Consider this part 2 of the Generating Word Documents series. While your customers might manually convert their downloaded Word reports to PDF, there’s a lot of power in automatically converting them to PDF.

For example, you probably don’t want to send invoices as Word documents, but maybe you still want to use the strong templating functionalities. Also, your customers might want to batch-download PDF reports.

LibreOffice’s headless converter

As rendering a document requires a lot of separate parts, we’re relying on LibreOffice as it is the most popular (and used) free package and is well-supported, maintained and enjoys a high standard-compliance (which we want).

In case you’re looking for a good-to-go command to spin your own version, this one is for you (also courtesy to this very detailed answer on Stack Overflow):

libreoffice --headless "-env:UserInstallation=file:///tmp/LibreOffice_Conversion_${USER}" --convert-to pdf:writer_pdf_Export --outdir ${HOME}/pdfexport input.docx

The two most important parts are --outdir and the input file. Sadly, we cannot choose to output it as a stream to later on use it within a buffer in Node, so we need to clean it up afterwards.

Universal function to use within Node

Heavily inspired by libreoffice-convert, we can build our own function to use within our project.

To circumvent manually cleaning up our temporary files and support using buffers, we’re using tmp-promise which is a great package taking care of it for us.

import tmp from 'tmp-promise';
import path from 'node:path';
import { Buffer } from 'node:buffer';
import { readFile, writeFile } from 'node:fs/promises';
import { execFile } from 'node:child_process';

async function libreOfficePath(): Promise<string> {
    // todo: find libreoffice binary, see
    switch (process.platform) {
        case 'darwin': return '/Applications/';
        case 'linux': return '/usr/bin/libreoffice';
        default: break;

    return null;

function promiseExecFile(file: string, args: string[]): Promise<string> {
    return new Promise((resolve, reject) => {
        execFile(file, args, (error, stdout, stderr) => {
            if (error) {
            if (stderr) {

 * Converts a Word document using LibreOffice's Writer to PDF.
 * @param source Buffer containing the Word document.
 * @returns Buffer containing the PDF.
async function convertWordToPdf(source: Buffer): Promise<Buffer> {
    const tmpDir = await tmp.dir({ unsafeCleanup: true });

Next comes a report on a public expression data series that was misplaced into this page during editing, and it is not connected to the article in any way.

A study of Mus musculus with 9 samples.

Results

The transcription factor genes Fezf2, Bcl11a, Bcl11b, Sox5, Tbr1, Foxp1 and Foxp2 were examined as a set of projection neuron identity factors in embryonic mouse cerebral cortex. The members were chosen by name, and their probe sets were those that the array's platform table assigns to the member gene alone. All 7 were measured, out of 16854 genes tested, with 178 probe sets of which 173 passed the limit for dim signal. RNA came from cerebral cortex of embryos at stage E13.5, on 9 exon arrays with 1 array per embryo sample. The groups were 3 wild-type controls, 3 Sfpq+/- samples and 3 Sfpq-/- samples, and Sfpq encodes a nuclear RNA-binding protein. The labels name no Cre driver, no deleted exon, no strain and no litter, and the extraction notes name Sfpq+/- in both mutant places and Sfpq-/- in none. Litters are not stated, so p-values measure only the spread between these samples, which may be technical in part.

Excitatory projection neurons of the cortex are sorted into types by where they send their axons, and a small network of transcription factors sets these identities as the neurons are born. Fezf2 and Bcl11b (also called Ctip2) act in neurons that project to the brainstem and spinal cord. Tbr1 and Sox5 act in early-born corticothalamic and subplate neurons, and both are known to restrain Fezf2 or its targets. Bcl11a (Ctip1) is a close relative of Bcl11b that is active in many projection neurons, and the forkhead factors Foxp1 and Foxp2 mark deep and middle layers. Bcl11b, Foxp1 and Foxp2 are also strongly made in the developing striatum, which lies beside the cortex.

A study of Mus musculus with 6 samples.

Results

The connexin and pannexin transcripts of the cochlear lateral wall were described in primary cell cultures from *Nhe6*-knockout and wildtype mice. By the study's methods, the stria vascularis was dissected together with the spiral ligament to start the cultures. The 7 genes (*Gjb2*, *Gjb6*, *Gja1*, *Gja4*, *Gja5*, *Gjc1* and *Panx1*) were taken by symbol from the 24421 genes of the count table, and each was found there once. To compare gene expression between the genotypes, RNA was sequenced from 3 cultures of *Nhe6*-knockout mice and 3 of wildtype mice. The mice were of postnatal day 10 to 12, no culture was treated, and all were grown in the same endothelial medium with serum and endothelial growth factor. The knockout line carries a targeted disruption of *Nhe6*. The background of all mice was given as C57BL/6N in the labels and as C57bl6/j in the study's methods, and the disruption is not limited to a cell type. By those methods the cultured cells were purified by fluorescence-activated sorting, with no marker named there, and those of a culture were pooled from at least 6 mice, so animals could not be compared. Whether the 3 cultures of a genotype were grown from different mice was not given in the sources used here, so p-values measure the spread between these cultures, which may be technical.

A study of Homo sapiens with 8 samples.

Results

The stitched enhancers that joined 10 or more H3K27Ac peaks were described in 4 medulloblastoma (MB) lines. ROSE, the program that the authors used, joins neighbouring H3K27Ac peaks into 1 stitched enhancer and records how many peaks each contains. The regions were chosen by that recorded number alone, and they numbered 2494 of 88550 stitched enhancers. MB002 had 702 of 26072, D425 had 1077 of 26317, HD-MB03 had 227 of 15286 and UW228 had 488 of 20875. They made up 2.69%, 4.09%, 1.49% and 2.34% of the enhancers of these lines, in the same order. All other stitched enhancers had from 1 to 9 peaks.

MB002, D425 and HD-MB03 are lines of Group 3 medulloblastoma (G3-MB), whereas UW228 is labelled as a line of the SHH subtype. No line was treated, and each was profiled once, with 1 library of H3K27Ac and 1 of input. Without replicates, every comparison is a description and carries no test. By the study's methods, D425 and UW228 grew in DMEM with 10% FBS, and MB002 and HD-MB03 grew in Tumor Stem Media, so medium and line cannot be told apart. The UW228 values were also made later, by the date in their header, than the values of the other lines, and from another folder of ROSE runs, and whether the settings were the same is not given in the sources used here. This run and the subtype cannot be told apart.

const userInstallationDir = await tmp.dir({ unsafeCleanup: true });
    await writeFile(path.join(tmpDir.path, 'source'), source);

    const binary = await libreOfficePath();
    const command = `--headless "-env:UserInstallation=file:///${userInstallationDir.path}" --convert-to pdf:writer_pdf_Export --outdir ${tmpDir.path} ${path.join(tmpDir.path, 'source')}`;
    await promiseExecFile(binary, command.split(' '));

    const pdf = await readFile(path.join(tmpDir.path, 'source.pdf'));
    return pdf;

// just to try out our code
async function main() {
    const source = await readFile('test.docx');
    const pdf = await convertWordToPdf(source);
    await writeFile('out.pdf', pdf);

    .then(() => console.log('done'))
    .catch((error) => console.error(error));

On portability

On your local environment, you can use all your fonts the system provides. However, if you’re running it within Docker, it will fall back to default fonts.

To include your own fonts, you can copy them to your Docker container. I’ve put mine inside the repository under the /fonts folder and added RUN cp -r ./fonts /usr/share/fonts to my Dockerfile. As long as they’re OTF or TTF, they just work fine :) Just be sure to install all font weights.

As an example, to successfully run our script we’ve just built, you can use this Dockerfile. Of course, it’s also important to install libreoffice’s packages.

FROM node:18-bullseye

RUN apt update && apt -y -q install \
    libreoffice \
    libreoffice-writer \
    libreoffice-core \

WORKDIR /usr/src/app

COPY package*.json ./

RUN npm install

COPY . .

RUN cp -r ./fonts /usr/share/fonts

RUN npm run build

CMD node dist/index.js

Now, let’s see the result made by our nifty container (left is without fonts, right is with them)

Word Export

As you can see, it also supports a lot of the features you may use within Word, so your project’s exporting features just have become the coolest thing on the block.


Without a lot of effort, we’ve made a portable (so, dockerized) Word to PDF exporter. You could plug it into your web app, for example. So, LibreOffice is really cool, especially because it allows us to do fancy things like this ;)

One thing to note though is that the conversion is fairly slow, so if somebody wants to batch-export their beautiful reports, it might be good to run it separately and as a background task.